What Entrepreneurs Can Learn From Marvel Master Stan Lee
You might not be familiar with the late,great Stan Lee, but you’ve no doubt heard of Spider-Man, the Hulk or Wolverine.
In fact, many of Lee’s characters are household names worldwide.The patriarch of Marvel Comics, who died Nov. 12, 2018, inspired generations of kids and adults alike, whether they were comic book fans or fans of Lee's characters on the big screen.
To this day, the Marvel Universe continues to play a huge role in the entertainment industry. In fact, Marvel's creations have only gotten more popular in recent years.
I count myself as a part of that fandom: I spent my teenage years poring over the panels of both Marvel and DC Comics, and while my attempts to create my own comics creations yielded only a diagnosis of painful carpal tunnel syndrome, the time I spent immersed in the medium still paid off in big ways.
Giving meaning to the masses
In a drastic departure from the lofty demigods inhabiting the universe of DC Comics, Lee made sure that his magic stemmed from the creation of characters who felt approachable and real.
Spider-Man, for instance, was a nerdy teenage photographer whose own ego ended up resulting in the death of his beloved uncle. And the X-Men were inspired by the struggles of Martin Luther King, Jr. and Malcolm X to achieve equal civil rights. Yet Lee still managed to make the topic relatable even to kids.
In addition, Lee and his co-creators lacked some of the business savvy necessary to navigate decisions regarding the rights, ownership and financial stake in the meteoric rise of the characters they invented.
Still, despite these obstacles, Lee achieved financial success and turned what many considered to be glorified children’s books into an art form -- significant feats that hold important lessons for all kinds of modern entrepreneurs. Here are several quotes attributed to Lee that outline those lessons:
1. “With great power comes great responsibility.”
Frankly, this adage is probably one of the most important bits of wisdom available, right up there with the Golden Rule. As you move up the ladder in life and gain increasing influence, it’s important to look out for those around you.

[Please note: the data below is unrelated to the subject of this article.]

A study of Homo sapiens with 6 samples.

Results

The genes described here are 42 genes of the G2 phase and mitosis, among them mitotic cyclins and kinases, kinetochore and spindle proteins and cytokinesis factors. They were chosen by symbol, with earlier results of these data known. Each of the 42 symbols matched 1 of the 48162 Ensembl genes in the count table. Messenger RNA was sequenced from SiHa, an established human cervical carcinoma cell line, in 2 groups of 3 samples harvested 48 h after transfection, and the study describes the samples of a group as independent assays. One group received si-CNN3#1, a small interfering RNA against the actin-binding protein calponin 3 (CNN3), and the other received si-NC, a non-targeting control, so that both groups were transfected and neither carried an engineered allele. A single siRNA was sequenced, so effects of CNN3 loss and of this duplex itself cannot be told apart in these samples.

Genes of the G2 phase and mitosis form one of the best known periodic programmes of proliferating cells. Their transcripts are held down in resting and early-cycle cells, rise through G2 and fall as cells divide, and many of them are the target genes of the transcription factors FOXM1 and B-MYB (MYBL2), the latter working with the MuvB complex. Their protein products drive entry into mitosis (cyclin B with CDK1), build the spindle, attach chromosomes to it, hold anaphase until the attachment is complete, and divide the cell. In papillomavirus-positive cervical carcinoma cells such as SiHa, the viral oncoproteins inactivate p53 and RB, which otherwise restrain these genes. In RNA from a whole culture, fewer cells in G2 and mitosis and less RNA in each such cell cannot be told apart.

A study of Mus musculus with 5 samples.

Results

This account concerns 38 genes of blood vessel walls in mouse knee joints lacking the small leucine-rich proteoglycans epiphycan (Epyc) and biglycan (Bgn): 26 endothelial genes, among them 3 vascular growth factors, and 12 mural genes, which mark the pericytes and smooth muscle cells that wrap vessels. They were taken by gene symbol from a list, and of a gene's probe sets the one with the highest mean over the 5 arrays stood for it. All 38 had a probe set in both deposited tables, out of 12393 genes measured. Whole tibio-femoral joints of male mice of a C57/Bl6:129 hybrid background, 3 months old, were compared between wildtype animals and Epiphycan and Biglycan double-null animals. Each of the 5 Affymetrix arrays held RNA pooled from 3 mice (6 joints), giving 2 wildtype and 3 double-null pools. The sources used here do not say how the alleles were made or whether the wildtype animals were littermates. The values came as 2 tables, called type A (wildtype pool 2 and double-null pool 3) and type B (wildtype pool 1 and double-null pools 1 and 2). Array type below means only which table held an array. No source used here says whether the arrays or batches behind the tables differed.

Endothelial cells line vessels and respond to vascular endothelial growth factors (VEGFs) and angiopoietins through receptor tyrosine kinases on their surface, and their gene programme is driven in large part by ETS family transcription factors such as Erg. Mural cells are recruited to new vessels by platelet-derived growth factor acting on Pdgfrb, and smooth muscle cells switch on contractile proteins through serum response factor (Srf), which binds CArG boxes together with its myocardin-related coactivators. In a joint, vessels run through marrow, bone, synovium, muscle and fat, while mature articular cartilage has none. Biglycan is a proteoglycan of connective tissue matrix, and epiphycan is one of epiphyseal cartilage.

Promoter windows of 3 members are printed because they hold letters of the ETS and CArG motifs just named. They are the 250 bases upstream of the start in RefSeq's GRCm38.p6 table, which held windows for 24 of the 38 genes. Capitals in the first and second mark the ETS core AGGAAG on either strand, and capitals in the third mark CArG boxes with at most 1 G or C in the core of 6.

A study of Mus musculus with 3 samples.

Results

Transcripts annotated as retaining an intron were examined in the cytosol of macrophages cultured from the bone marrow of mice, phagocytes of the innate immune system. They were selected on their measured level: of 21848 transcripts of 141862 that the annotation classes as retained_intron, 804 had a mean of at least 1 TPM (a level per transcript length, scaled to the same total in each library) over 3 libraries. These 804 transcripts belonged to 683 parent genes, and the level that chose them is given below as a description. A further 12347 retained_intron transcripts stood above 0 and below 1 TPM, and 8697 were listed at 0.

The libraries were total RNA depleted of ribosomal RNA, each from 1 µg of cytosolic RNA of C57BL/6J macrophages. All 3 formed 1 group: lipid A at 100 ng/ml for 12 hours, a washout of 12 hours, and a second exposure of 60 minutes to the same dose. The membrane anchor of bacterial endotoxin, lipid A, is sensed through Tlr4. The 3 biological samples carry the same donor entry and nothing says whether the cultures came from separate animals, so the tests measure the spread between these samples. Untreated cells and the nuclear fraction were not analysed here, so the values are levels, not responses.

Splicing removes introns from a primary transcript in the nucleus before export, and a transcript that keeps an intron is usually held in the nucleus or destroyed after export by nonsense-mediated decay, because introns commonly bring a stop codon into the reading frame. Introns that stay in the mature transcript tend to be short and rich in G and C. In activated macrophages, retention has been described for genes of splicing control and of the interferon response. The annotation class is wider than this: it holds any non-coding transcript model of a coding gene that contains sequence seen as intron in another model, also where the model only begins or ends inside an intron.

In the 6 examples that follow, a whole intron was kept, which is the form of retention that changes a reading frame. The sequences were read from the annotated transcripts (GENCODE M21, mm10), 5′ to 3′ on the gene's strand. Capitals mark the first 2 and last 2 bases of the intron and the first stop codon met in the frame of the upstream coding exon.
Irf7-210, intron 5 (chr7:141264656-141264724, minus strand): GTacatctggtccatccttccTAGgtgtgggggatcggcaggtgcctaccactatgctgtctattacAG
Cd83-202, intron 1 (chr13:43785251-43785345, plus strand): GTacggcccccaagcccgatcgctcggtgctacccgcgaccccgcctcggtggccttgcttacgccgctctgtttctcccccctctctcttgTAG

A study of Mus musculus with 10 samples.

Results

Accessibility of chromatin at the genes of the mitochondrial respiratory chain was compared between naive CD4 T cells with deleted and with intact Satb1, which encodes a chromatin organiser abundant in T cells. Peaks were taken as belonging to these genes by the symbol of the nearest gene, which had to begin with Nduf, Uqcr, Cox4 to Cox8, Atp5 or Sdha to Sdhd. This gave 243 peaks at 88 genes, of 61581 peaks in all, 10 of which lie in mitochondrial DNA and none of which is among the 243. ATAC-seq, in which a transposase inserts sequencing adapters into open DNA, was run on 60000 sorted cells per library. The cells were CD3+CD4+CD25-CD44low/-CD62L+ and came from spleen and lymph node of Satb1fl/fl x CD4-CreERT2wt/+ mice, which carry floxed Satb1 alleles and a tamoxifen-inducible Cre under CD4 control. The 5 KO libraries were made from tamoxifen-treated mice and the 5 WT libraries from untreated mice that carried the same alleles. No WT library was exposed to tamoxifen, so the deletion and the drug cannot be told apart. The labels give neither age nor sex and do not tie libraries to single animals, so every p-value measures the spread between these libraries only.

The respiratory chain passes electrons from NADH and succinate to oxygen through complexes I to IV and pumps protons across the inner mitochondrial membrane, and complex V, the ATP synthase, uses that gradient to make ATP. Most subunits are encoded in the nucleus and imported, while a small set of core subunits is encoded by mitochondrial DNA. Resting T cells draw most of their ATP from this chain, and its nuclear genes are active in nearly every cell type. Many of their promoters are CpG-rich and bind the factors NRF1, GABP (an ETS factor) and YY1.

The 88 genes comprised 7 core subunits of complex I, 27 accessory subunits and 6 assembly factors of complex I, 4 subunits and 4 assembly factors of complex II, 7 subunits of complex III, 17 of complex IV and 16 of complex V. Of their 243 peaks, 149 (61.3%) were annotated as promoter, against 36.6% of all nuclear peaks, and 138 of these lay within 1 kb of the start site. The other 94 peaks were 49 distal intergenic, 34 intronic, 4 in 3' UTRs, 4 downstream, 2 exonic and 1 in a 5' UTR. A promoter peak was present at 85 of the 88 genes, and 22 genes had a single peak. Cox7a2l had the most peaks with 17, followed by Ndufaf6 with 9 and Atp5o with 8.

For example, a designer who is promoted to creative director suddenly has more power, but he or she also has an increased responsibility to both the company and his/her subordinates.
Caring about the people around you is a mark of good leadership. CEOs in large corporations have enormous demands on their time, but the best of the best remember that their employees make the machine move. With Howard Schultz at the helm of Starbucks, the company prioritized extremely competitive benefits even for part-time employees, including tuition reimbursement and 401(k) plans that partially match employees' contributions.
The lesson: When you live up to the great responsibilities you have as a business owner and leader, you'll start to acquire the great power Lee talks about. It's an equation that feeds itself.
2. “The greatest superpower is luck.”
Lee in no way downplayed the importance of hard work, but he tried to remind himself and others that it took more than a strong work ethic and talent to get ahead. Luck plays a huge role in success, but it’s easy for entrepreneurs to forget this lesson and wonder why they haven’t made it to the top.
With a net worth of almost $70 billion at just 33, Mark Zuckerberg is one of the most successful entrepreneurs in the world. While it would be easy for him to tout his own abilities as the special sauce that got him to where he is, he admits that there’s been a lot more to the story. “You don't get to be successful like this just by being hard-working or having a good idea," Zuckerberg has said. "You have to get lucky in today's society in order for that to happen.”
Unless entrepreneurs recognize this fact, they run the risk of burning out and giving up too early.
3. “I just hoped the books would sell and I’d keep my job.”
It’s easy for passionate entrepreneurs to get caught up in The Dream. Whether they want to create an international powerhouse or take on Google, their goals mean little if they can’t build a product that people like enough to buy.
Lee recognized that his primary goal was to create an enjoyable product that was good enough to keep him employed and moving along. If you build a worthwhile product that resonates with your audience, you’ll achieve success over time.
Apple is a great example of a company that creates worthwhile products. The user-friendly interfaces on its devices early on demonstrated creative brilliance and immediately captivated an audience. While several key features have been adopted by many companies since, Apple made history by being the first, and it remains the largest tech company in the world by revenue.
And while this talent was a frequent target of criticism, it was an ability shared by many of the titans of technology, like Steve Jobs and Elon Musk. As we entrepreneurs struggle to pursue our dreams, we'd be wise to remember that, in large part, we are the authors of our own destinies and the superheroes of our own stories. Excelsior!